Sometimes it doesn’t hurt to talk again about things we covered in the past. I must admit that before writing this post I was wondering whether or not people would find value in it as the Commit Graph isn’t really a brand new feature. But a couple discussions with some folks in Atlassian convinced me that not everyone knew all the great things that you could achieve with it.

Taking this in account and thinking about all the new developers adopting our tools everyday I decided to write something that would help all new users of Fisheye and Crucible to get more out of their instance and, if you have been with us for a long time, just take it as a fresh reminder of something you can use everyday to understand what’s going on with your code.

In this post I’ll cover the following topics:

  • Interacting with the Commit Graph
  • Highlighting all the parents of a particular commit
  • Tracking all commits related to a particular Jira issue
  • Quickly checking which changesets are not reviewed yet
  • Creating reviews straight from the Commit Graph

Interacting with the Commit Graph

This will be rather quick as there are mainly 3 components that you will need to know to use the Commit Graph:

  • Highlight selector
    This dropdown lets you select which highlighter you want to use on the graph.
  • Branch selector
    With the branch selector you can decide which branches will be included in the graph.
  • Interactive commits
    Ok, it’s a bit of a made-up name but the dots that you see on the graph are interactive and they will help triggering some of the highlighting features that you will discover below.


Now you should be ready to dig into the different usages of the graph!

Highlight the parents of a commit with the Lineage highlight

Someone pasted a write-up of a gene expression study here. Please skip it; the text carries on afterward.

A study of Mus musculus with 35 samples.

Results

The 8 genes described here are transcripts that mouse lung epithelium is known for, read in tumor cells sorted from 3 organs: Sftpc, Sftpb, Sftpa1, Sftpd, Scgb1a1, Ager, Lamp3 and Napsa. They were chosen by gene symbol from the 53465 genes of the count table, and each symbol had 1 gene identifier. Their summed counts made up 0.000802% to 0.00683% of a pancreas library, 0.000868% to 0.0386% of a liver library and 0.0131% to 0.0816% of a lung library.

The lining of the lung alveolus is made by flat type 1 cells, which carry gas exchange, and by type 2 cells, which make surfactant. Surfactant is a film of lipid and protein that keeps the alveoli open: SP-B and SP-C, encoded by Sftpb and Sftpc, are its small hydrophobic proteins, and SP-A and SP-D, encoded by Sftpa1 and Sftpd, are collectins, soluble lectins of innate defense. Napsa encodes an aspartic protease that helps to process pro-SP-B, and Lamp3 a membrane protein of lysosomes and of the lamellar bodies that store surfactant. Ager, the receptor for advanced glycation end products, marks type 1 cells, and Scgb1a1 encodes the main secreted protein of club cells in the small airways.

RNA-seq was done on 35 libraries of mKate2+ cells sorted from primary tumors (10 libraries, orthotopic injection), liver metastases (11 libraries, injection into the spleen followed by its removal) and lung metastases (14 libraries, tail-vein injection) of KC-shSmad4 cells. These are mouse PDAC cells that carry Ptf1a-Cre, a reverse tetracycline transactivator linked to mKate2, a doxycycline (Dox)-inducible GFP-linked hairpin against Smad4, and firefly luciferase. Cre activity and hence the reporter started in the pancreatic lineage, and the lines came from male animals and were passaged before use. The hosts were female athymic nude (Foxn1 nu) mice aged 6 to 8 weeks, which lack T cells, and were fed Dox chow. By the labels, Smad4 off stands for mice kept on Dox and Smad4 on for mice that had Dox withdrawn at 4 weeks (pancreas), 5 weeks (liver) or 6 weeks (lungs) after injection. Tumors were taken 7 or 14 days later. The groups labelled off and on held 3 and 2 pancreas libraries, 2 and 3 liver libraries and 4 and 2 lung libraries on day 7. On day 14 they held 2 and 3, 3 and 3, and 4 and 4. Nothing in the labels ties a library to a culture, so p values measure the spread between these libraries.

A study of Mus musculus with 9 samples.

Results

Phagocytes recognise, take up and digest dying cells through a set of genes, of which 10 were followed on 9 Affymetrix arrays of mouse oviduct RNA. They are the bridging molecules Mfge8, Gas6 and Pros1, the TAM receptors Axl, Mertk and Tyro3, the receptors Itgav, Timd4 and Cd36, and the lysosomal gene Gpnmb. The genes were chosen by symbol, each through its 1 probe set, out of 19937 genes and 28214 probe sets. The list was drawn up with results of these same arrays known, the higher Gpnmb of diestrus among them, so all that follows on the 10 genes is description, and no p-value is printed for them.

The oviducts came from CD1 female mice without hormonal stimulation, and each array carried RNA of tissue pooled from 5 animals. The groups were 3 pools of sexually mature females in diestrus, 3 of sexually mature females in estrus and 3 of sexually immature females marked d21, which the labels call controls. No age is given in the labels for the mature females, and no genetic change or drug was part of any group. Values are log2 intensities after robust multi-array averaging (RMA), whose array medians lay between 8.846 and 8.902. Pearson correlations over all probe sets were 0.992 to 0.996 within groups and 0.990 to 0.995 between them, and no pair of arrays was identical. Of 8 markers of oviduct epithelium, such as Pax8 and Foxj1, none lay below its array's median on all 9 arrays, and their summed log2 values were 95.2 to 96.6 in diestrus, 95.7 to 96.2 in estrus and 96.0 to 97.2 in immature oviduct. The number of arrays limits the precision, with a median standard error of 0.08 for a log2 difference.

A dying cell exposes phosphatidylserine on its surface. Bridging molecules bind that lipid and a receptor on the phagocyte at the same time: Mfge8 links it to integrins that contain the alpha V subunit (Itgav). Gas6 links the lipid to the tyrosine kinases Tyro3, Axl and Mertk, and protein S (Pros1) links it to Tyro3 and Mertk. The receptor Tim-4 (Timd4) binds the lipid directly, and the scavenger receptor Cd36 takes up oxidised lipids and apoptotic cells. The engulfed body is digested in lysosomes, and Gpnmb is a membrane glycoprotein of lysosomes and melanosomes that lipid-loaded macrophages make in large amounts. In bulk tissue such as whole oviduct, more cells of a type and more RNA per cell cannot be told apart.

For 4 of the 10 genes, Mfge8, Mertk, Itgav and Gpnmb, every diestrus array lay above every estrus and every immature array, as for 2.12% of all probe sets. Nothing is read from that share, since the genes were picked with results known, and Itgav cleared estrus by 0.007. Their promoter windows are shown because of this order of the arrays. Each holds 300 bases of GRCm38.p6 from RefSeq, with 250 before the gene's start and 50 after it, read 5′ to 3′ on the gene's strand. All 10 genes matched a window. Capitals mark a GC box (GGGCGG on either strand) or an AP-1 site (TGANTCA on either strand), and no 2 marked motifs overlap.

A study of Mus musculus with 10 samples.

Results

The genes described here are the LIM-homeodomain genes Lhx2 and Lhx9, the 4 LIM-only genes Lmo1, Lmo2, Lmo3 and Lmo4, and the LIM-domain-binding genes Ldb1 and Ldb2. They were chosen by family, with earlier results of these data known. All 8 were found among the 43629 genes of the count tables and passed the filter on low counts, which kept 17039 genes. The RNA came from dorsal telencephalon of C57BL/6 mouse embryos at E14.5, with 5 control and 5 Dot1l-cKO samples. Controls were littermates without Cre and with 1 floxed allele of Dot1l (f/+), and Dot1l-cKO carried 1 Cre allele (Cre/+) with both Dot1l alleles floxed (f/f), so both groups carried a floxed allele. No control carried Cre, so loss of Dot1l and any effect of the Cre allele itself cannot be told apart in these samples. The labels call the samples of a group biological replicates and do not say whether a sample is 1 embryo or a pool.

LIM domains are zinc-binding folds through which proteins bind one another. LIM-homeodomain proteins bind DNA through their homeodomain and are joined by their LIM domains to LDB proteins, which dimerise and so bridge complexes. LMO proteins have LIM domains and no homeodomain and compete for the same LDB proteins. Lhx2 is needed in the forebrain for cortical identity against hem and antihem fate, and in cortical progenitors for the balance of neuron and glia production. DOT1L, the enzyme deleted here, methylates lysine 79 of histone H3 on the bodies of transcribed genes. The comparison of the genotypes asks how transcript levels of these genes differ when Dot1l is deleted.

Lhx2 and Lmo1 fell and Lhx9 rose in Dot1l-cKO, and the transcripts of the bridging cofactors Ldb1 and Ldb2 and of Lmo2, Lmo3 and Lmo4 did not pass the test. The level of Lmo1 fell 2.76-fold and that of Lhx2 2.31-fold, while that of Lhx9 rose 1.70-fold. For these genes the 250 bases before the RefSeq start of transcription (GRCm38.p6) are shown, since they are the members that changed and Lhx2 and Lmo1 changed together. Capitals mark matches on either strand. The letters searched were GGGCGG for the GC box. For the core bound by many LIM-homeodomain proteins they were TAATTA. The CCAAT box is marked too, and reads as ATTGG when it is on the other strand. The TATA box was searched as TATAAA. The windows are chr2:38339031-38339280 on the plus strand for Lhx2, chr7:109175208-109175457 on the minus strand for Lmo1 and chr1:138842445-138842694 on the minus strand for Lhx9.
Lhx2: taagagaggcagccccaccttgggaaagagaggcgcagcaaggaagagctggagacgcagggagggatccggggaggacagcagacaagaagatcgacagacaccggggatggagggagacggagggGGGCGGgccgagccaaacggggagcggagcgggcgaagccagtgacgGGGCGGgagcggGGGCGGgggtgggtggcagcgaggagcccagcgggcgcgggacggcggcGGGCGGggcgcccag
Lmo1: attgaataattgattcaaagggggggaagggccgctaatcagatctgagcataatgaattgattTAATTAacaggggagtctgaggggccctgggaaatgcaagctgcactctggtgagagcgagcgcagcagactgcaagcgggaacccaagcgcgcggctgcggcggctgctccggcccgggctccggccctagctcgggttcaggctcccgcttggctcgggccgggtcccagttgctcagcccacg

The most basic feature of the Commit Graph is to offer a simple way to track the ancestry of your commits. This is possible with the Lineage highlighter which allows you to mask all the commits that are not related to the one you have selected. Using it is straightforward:

  1. Make sure the Lineage highlighter is selected
  2. Click on a commit in the graph

At this point all the commits that are not part of the ancestry of the selected one should be masked, giving you a clean view on the history of a particular change.


Track all commits that do  Jira issue

A lot of our customers are combining Fisheye, Crucible and Jira together to ensure the quality of their development. If you have Jira hooked up to your Fisheye instance you can simply put issue keys in your commit messages to link your source back to Jira. As soon as this is done you can use the Jira issues highlighter of the Commit Graph to see all the changesets that have an issue linked to them.


You can go one step further with the Jira issues highlighter and click on a particular commit to see all the other changes in the source that are related to the same issue.


Check the review status of your commits at a glance

The Reviewed changesets highlighter will help you to have a quick overview of the state of your reviews by using color codes to show you commits that are reviewed (green), under review (yellow) or that do not have any review attached to them (red). Once again the usage is straightforward: Select the Reviewed changesets highlighter to get the colors applied to your commits.


And just like the Jira issues highlighter you can click on a particular commit having a review to see all the other commits that are included in the same review.


Creating reviews from the Commit Graph

It wouldn’t be convenient if you had to get out of the Commit Graph to create a review for a particular commit. This is why you can quickly create reviews for any commit that you can see in the graph via its contextual menu.


Give us your feedback!

And voilà! I hope that this will help you to get more everyday out of your Fisheye and Crucible instance. I would love to hear back from you guys and get your suggestions to improve this feature. Getting your feedback makes a real difference!